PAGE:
WEIRTON - State Treasurer John Perdue stopped at the Weirton Area Senior Center Thursday afternoon to discuss his campaign for governor.
Perdue proposed to harness revenues from the Marcellus Shale natural gas drilling to address improvements in infrastructure and education. He also spoke about the importance of reducing utility costs and providing prescription drug assistance. Perdue said utility companies should have to justify rate increases through system improvements or job creation.
"We'll get these foxes out of the hen house at the utility commission," he said. "There's no reason we should be paying the bills we are paying when we are the energy state and we are keeping the lights on throughout the country."
Perdue also pledged to work with the AARP to expand a helpline for prescription assistance, stating it was a good program and he wanted to extend prescription and utility help to seniors.
Perdue also proposed expanding loan opportunities to small businesses, stating that small business growth will create more jobs, and those employees will create more economic opportunities by renting or buying homes and spending money within the state.
"Education is so important to West Virginia's future," said Perdue. "It opened up so many doors of opportunity for me."
Perdue proposed establishing broadband Internet capabilities throughout the state and assigning students laptop computers so teachers can communicate and help students with homework after the school day.
"We can't continue to blame teachers for everything that goes wrong," he said.
He added the state needed to attract more qualified teachers to rural areas by offering to pay their student loans if teachers committed to teaching five years in a rural district. He proposed the program would be funded through natural gas revenues.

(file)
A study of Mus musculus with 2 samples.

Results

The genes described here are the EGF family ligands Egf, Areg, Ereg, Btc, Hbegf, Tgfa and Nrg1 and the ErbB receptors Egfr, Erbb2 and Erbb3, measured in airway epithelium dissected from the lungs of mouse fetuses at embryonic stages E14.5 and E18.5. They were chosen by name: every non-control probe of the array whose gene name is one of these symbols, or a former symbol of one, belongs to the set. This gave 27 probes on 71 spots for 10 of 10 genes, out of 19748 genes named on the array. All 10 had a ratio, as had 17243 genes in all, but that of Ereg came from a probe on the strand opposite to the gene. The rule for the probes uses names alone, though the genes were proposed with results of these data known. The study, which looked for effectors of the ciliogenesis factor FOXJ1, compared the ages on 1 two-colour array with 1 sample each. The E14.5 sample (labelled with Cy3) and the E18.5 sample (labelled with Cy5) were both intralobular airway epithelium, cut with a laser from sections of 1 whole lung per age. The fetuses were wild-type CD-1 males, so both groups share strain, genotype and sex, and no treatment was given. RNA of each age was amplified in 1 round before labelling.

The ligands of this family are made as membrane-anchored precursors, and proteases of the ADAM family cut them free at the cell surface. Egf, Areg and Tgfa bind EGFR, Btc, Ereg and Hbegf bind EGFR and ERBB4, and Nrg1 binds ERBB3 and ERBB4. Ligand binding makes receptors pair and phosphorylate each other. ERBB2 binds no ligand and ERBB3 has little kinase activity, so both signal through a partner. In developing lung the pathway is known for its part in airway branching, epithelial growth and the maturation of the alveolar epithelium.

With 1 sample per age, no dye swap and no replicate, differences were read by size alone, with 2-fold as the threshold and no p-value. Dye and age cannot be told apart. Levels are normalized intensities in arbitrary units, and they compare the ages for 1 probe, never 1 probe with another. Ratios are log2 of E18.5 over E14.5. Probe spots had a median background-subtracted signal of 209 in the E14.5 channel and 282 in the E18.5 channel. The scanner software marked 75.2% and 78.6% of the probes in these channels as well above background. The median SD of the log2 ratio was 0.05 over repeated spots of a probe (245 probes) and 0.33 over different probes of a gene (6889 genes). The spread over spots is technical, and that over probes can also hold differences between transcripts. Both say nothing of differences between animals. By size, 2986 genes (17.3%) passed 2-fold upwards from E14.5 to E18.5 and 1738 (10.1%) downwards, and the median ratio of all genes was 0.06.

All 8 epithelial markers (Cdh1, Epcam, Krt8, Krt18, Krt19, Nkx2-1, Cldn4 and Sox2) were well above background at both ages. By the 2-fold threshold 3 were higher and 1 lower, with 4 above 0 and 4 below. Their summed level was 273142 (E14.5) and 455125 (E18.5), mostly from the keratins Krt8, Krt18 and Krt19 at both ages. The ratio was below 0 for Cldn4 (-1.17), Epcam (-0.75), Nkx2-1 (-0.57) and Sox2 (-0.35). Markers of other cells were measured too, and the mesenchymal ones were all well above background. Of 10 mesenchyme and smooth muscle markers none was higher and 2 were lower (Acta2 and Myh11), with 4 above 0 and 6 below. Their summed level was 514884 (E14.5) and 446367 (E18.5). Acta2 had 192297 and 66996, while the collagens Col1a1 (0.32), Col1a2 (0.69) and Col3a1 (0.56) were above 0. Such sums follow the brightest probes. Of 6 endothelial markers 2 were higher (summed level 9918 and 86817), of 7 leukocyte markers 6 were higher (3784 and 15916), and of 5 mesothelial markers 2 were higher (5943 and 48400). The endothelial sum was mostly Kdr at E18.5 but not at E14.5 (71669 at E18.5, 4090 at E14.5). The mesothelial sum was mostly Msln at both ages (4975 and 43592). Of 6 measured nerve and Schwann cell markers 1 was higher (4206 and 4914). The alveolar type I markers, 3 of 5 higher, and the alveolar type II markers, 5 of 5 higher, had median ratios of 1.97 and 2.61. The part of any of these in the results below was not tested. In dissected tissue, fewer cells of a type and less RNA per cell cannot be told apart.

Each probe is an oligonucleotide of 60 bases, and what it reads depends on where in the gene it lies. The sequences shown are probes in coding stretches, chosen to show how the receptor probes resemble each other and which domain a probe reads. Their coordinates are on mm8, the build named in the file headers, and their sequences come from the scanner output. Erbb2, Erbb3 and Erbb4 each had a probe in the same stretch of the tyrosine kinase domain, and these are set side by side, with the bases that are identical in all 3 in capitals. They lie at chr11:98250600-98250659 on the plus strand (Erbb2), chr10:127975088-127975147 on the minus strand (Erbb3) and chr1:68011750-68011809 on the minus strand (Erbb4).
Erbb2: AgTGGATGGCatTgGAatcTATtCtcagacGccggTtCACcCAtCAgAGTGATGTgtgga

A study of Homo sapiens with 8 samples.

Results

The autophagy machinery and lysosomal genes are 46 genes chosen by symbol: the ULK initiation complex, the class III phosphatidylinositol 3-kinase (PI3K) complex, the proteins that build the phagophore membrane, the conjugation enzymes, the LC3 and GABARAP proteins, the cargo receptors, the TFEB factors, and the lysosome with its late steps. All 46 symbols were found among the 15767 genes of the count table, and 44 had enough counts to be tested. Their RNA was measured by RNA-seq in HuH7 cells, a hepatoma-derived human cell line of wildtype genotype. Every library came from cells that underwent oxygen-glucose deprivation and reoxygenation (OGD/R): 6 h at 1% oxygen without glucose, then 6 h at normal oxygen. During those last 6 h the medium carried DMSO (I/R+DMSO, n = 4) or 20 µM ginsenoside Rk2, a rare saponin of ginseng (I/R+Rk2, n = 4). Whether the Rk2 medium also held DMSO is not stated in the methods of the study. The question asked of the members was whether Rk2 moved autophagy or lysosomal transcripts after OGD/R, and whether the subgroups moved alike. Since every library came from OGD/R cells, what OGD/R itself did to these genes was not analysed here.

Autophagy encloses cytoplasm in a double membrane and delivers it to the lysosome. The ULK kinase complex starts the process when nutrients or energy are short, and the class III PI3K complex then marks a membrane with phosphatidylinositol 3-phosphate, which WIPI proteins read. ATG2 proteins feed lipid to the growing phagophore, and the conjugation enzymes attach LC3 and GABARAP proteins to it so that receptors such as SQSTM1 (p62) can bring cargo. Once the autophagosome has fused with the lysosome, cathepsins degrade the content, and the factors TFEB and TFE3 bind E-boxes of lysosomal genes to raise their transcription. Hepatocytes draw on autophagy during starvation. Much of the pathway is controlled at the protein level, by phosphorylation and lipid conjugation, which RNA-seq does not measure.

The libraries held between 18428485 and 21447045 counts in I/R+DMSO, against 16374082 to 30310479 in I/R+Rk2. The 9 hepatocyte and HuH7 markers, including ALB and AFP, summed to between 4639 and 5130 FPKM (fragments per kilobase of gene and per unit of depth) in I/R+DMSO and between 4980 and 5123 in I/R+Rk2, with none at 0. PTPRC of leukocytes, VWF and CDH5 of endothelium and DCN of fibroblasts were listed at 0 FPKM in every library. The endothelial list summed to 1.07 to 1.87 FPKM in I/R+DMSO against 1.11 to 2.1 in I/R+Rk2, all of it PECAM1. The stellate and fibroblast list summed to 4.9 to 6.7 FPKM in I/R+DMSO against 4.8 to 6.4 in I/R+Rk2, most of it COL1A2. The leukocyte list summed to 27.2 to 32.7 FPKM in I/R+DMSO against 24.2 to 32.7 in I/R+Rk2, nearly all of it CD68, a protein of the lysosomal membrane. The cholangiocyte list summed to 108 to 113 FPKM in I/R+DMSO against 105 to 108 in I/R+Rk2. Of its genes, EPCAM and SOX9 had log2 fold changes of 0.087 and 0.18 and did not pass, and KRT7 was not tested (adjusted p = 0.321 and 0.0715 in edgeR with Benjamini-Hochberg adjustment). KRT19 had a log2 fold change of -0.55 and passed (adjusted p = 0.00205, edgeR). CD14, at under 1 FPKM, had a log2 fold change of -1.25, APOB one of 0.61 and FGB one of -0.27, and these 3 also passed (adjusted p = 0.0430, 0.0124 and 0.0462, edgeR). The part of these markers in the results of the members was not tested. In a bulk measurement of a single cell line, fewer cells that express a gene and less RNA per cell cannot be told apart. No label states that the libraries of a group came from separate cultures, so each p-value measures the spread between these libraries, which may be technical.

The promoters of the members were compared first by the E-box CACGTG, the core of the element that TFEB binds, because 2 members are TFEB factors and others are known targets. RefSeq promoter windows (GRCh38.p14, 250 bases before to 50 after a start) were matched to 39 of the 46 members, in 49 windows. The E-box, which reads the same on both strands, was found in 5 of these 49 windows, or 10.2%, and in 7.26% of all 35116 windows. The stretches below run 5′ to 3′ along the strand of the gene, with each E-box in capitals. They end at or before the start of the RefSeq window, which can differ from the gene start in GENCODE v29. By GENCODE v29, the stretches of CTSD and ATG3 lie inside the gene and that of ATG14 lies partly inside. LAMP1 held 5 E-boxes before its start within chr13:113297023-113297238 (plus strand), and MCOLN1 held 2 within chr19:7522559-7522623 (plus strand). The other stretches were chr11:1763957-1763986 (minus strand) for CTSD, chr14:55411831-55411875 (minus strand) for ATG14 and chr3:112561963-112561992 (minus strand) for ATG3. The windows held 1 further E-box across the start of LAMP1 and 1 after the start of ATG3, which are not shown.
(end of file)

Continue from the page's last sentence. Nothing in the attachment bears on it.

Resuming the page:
"We need to provide teachers with the funds and tools they need to do their jobs and stop bogging them down with the paperwork and bureaucracy that's preventing them from doing those jobs," he said.
Perdue said he proved his leadership ability through 14 years as the state treasurer, in which he balanced the budget, kept the state in the black and built a high bond rating.
"While other states are looking to raise these taxes and cut this and that, we are balancing the budget, every year, every month and every day," Perdue said.
He also pointed to $100 million of unclaimed property returned by the treasurer's office and the Smart 529 program, in which families have invested billions of dollars for their children's education and for which they will receive tax credit.
"They said it (Smart 529) couldn't be done, but we got it done," said Perdue. "I'm not running for governor because I want to get my portrait on a wall in the capitol, I'm running because I want to change the future of West Virginia."
He added job creation was vital to keeping young people in the state, adding his own daughter considered a move to Florida, where she estimated she could earn another $15,000 a year doing the same job.
"I don't want to visit my grandchildren in North Carolina or Florida," he said. "I want to visit them in West Virginia."
Perdue said the state could no longer depend on earmarks like those the late U.S. Sen. Robert C. Byrd obtained.
"(The federal government) is so far in debt, I don't know how they are going to get out of it," Perdue said. "God has blessed us with another gold mine - the Marcellus Shale."
Perdue said the natural gas industry had the potential to generate $7 billion dollars, and the state needs to plan for the future by securing part of those dollars for infrastructure, health care and educational needs while protecting the environment. He pointed to Alaska's tax rebate program, funded by crude oil, as good management of natural resources.
In addition to revenue, Perdue said the industry had the potential to bring jobs to the state, but the appropriate training had to be provided.
"We don't want to have out-of-state people come to West Virginia and take these jobs and take that money somewhere else," he said.